County Executive George Borrello.

County Executive George Borrello called 2018 the year of “communication” and he is calling 2019 the year of “collaboration,” especially for stakeholders involved in Chautauqua Lake water quality issues.

Borrello in the annual State of the County address focused on several points including the Chautauqua Lake consensus strategy. The county executive said he is asking for lake stakeholder groups to sign a memorandum of understanding, which will essentially be a “ceasefire agreement” that the lake groups and municipalities would sign so work can collaboratively be done to improve the water quality of Chautauqua Lake.

Borrello said a consensus strategy for the lake should be completed by the end of March.

“Despite the divisiveness we may see among the passionate lake organizations, I’ve found that there is more common ground than it may appear, especially after personally meeting with these groups individually and listening to their concerns,” he said. “What I saw was a series of puzzle pieces that could make up a strategy to break the gridlock and move us forward. So we enlisted the help of the firm Ecology and Environments to come in and conduct formal interviews with the major stakeholders and help us assemble those puzzle pieces into a picture of the consensus strategy of Chautauqua Lake.”

Borrello said any funding from the county and from many local foundations for efforts dealing with in-lake projects will flow through the Chautauqua Lake and Watershed Management Alliance. He said the executive board of the alliance has preliminary agreed to only fund those organizations who participate in the consensus strategy by signing the memorandum of understand.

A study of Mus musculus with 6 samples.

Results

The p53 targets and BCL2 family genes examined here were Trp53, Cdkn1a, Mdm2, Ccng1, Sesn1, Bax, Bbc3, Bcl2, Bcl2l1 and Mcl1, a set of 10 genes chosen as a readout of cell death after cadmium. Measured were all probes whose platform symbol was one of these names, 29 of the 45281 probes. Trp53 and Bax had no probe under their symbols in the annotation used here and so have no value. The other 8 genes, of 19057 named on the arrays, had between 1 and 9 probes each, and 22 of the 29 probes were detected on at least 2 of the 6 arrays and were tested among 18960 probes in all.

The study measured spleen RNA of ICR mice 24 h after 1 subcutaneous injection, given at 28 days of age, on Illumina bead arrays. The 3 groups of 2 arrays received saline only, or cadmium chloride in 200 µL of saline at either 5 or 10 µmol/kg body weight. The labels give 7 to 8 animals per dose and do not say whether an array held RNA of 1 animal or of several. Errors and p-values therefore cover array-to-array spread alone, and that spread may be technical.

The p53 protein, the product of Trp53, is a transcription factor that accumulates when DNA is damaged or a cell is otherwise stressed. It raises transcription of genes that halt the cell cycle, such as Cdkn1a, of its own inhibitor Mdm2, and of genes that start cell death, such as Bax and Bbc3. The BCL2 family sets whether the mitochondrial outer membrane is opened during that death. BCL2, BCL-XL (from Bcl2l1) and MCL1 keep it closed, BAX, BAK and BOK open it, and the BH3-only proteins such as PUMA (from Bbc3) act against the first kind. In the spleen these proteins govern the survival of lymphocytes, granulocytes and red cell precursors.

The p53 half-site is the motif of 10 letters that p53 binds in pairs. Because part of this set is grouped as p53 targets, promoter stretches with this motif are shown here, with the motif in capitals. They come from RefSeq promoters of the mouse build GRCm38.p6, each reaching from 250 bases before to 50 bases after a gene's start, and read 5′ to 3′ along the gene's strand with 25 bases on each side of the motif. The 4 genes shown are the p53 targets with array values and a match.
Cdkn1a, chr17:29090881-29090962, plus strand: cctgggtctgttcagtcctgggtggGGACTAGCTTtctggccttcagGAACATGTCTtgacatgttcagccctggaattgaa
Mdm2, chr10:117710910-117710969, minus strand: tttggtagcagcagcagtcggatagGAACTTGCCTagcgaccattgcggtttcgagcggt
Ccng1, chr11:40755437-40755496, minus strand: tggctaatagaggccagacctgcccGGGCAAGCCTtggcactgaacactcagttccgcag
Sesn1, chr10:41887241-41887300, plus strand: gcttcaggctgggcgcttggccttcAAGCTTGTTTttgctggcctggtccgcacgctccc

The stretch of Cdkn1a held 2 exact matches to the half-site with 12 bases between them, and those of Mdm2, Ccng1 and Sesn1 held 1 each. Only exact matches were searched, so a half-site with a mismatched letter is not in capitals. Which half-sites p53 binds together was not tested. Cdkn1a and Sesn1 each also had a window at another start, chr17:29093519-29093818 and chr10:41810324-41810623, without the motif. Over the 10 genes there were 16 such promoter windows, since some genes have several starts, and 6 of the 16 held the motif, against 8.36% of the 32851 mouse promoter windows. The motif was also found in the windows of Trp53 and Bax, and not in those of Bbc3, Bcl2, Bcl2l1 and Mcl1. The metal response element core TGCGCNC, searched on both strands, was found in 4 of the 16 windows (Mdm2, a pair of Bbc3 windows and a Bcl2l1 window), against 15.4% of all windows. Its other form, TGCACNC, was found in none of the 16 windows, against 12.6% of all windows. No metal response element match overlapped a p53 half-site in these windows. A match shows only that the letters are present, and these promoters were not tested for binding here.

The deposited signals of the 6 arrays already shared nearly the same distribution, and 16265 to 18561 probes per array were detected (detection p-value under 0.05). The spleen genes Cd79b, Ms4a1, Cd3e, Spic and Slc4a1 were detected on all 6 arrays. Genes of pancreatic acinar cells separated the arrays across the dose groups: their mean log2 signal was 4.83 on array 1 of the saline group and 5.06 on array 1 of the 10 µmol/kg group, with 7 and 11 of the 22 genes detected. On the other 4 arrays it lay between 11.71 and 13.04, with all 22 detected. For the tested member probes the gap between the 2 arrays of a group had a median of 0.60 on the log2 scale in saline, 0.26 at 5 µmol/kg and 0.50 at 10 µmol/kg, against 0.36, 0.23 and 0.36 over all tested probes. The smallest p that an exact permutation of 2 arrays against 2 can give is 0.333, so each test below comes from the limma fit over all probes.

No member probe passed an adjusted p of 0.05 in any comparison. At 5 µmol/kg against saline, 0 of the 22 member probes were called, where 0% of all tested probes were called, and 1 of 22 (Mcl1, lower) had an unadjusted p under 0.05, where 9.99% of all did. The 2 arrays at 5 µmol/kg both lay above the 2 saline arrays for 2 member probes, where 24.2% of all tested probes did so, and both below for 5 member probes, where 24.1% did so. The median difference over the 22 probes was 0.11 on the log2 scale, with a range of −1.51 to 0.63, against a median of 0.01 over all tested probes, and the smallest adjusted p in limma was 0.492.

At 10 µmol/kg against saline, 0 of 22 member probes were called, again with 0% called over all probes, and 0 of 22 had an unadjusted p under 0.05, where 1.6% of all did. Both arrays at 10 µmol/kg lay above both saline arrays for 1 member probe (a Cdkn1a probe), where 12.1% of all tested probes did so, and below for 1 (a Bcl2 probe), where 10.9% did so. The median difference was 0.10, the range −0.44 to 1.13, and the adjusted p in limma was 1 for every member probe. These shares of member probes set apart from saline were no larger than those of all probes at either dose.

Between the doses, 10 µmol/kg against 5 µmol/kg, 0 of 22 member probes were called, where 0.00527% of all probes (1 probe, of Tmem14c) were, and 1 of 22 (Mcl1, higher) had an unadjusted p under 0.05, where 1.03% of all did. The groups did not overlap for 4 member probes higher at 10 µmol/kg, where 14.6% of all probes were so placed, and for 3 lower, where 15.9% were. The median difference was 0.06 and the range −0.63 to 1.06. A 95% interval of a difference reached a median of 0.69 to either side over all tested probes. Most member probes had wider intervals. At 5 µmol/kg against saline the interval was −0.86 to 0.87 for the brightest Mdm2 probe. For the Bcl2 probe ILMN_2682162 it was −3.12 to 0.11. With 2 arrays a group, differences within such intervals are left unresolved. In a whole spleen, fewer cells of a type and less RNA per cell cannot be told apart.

“Each stakeholder is not going to get 100 percent of what they want, which is the nature of compromise, but this agreement and strategy will allow us to take meaningful steps forward without the threat of lawsuits or other actions that ultimately lead to further unproductive conflict and inaction,” he said. “This consensus strategy will be important to the future health of Chautauqua Lake and to the economic future of Chautauqua County. I strongly encourage everyone’s participation and support.”

Another initiative discussed by Borrello during his address is the need for the Ripley Gateway Center. Borrello said the gateway into the state from the west is not aesthetically pleasing. He said people entering New York state in Chautauqua County are welcomed to an Adult Super Store sign, a broken billboard and roadside debris.

“It’s shameful and we need to change that,” he said.

Borrello said Clark Patterson Lee has been hired to produce a feasibility study for the gateway study.

He said the plan is to have a grander scale gateway for the county and the state, which would be similar to Tamarack, a tourist attraction in West Virginia that highlights products and produce made in the state.

“It will be a welcoming ambassador that we have lacked for so long,” he said. “If we all work together, and bring in partners including our state and federal government, along with the private sector, we can achieve this goal and create something truly wonderful for us all to be proud of.”

Other initiatives in Borrello’s speech included work force development; Economic Development Alliance; the Countywide Alliance for Enforcement and Rehabilitation, also known as CAER to battle the opioid epidemic; Citizens’ Advisory Committee; Chautauqua Area Regional Transit System, also known as CARTS, improvements; and Grow Chautauqua hops and grains cooperative.